Is that the sound of abbey bells you hear ringing? The clip-clop of trotting horses pulling a gilt carriage? The roar of a million voices on The Mall in London shouting, "Kiss her, Harry!"
Yes, Prince Harry, 33, the world's most eligible royal bachelor, and his girlfriend of more than a year, have made it official with an engagement, announced by Clarence House Monday.
See Harry and Meghan together: Prince Harry and Meghan Markle photographed together for the first time
Here's what you need to know about the royal engagement:
1. History in the making: Markle will become the first American to be welcomed into the British royal family — ever. She will become a royal duchess, and be titled Her Royal Highness. And she will be the first actress and the first biracial person to marry a ranking member of the royal family.
2. Can Harry marry a divorced woman? Yes, according to the Church of England, which is less dogmatic about divorced people remarrying than it was in, say, the 1930s or the 1950s.
In fact, Markle will not be the first American divorceé to marry a royal, but she's no Wallis Simpson, the infamous American Duchess of Windsor. The Baltimore-bred two-time divorceé married the former King Edward VIII in 1937, six months after he quit his throne for her in 1936. Never forgiven, let alone welcomed, she was denied an HRH title by the royal family.
"There’s just no comparison to Wallis Simpson, who was widely detested and the fact that she had two former husbands living went totally against the rules (then) of the Church of England," Smith says. "Also, people now would be less likely to take exception to the fact that Meghan is an American."
3. Granny gave the OK: Harry needed the permission of his grandmother the queen to marry. The queen, the symbolic head of the Church of England who once had to deny her sister Princess Margaret permission to marry a divorced man, has come a long way since the 1950s: Margaret eventually divorced the man she did marry, and three of the queen's four children are divorced.
4. The stakes are lower: Harry is not going to be king so there is less pressure on him in general. He will soon become sixth-in-line to the throne, after brother Prince William and Duchess Kate's third child is born in the spring.
"The likelihood that he will ever wear a crown is pretty remote at this stage, but he's an exceedingly valuable and popular member of the royal family," says Smith.
5. The right moment: Last month, Harry took Markle to Africa on a romantic safari for her birthday. It's possible, Smith says, he asked her to marry him then, and they've been waiting for the right moment to make the announcement. This is what happened with Will and Kate, who got privately engaged in Kenya in October 2010 and waited until the following month to announce it.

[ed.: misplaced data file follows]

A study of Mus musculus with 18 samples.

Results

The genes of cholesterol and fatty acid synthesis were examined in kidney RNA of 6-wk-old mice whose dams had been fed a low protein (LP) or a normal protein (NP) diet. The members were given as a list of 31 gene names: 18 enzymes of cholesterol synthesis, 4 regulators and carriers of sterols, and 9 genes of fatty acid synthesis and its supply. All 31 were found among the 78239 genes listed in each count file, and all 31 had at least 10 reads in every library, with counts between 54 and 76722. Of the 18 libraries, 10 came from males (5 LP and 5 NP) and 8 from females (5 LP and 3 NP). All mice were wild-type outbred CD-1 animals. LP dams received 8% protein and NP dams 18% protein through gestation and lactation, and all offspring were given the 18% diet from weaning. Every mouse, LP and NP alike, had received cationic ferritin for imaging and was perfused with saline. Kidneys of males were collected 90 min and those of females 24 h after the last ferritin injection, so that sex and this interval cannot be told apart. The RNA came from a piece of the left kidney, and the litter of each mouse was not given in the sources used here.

6. Granny's wedding anniversary: The couple may have waited a few extra days to avoid another important date in November. The 70th anniversary of the wedding of the queen, 91, and husband Prince Philip, 96, was marked on Nov. 20.
7. Where will they marry? They could marry in Westminster Abbey, where Will and Kate married and where the queen and Prince Philip married. Or they could opt for the even bigger St. Paul's Cathedral where Prince Charles and Lady Diana Spencer married. But they probably won't choose either, not if they want to avoid the thousands of guests and the billions watching on TV that those royal weddings entailed.
If they want a more low-key, smaller and quieter wedding, they could follow the lead of Harry's father, Prince Charles: He married his second wife, Camilla Parker Bowles, a divorced woman whose ex-husband is still living, first in a tiny civil ceremony in the Windsor town hall, followed by an intimate prayer service in St. George's Chapel at Windsor Castle in 2005.
"They have a little more freedom (to choose) — they could get married in a country church in Gloucestershire, or at one of the churches near Sandringham," the queen's estate in Norfolk, says Smith.
Smith believes Harry is likely to get a newly renovated apartment at the palace, which is undergoing extensive new construction, including a two-story facility for staff offices under the Orangery Restaurant on the palace grounds. That would free up more room for a new home for Harry and his bride.
9. What will be their roles? Full-time royals, meaning full-time philanthropy, says Smith. On this, the two have a lot in common: Harry has taken seriously his charity work and his desire to carry on his mother Princess Diana's legacy. And Markle was involved in humanitarian work, including in Harry's favorite continent of Africa, even before she met Harry.
10. The price to pay: For him, it will mean increased media scrutiny, which Harry has already complained about, says Fitzwilliam.
"Harry is deeply resentful of media attention he considers intrusive and there will be a fascination with Meghan's family in the tabloids," Fitzwilliam says.
For Markle, living in the royal goldfish bowl could be a difficult adjustment even for an actress used to media coverage, says Fitzwilliam. "Any echo of 'the prince and the showgirl' or Prince Rainier and Grace Kelly or the Duke and Duchess of Windsor, makes for a media frenzy."
And Markle will have to give up acting, Smith predicts. Her contact with USA's legal drama Suits ends after Season 7, which will broadcast its final six episodes in early 2018.
Also, she'll likely have to adjust her fashion profile to be more like Duchess Kate's, who's not ever been seen wearing ripped jeans at a public event.
"(Markle) would have to be more restrained in how she dresses," Smith says. "She would not have to be as demure as Kate is, but probably ripped jeans wouldn’t cut it."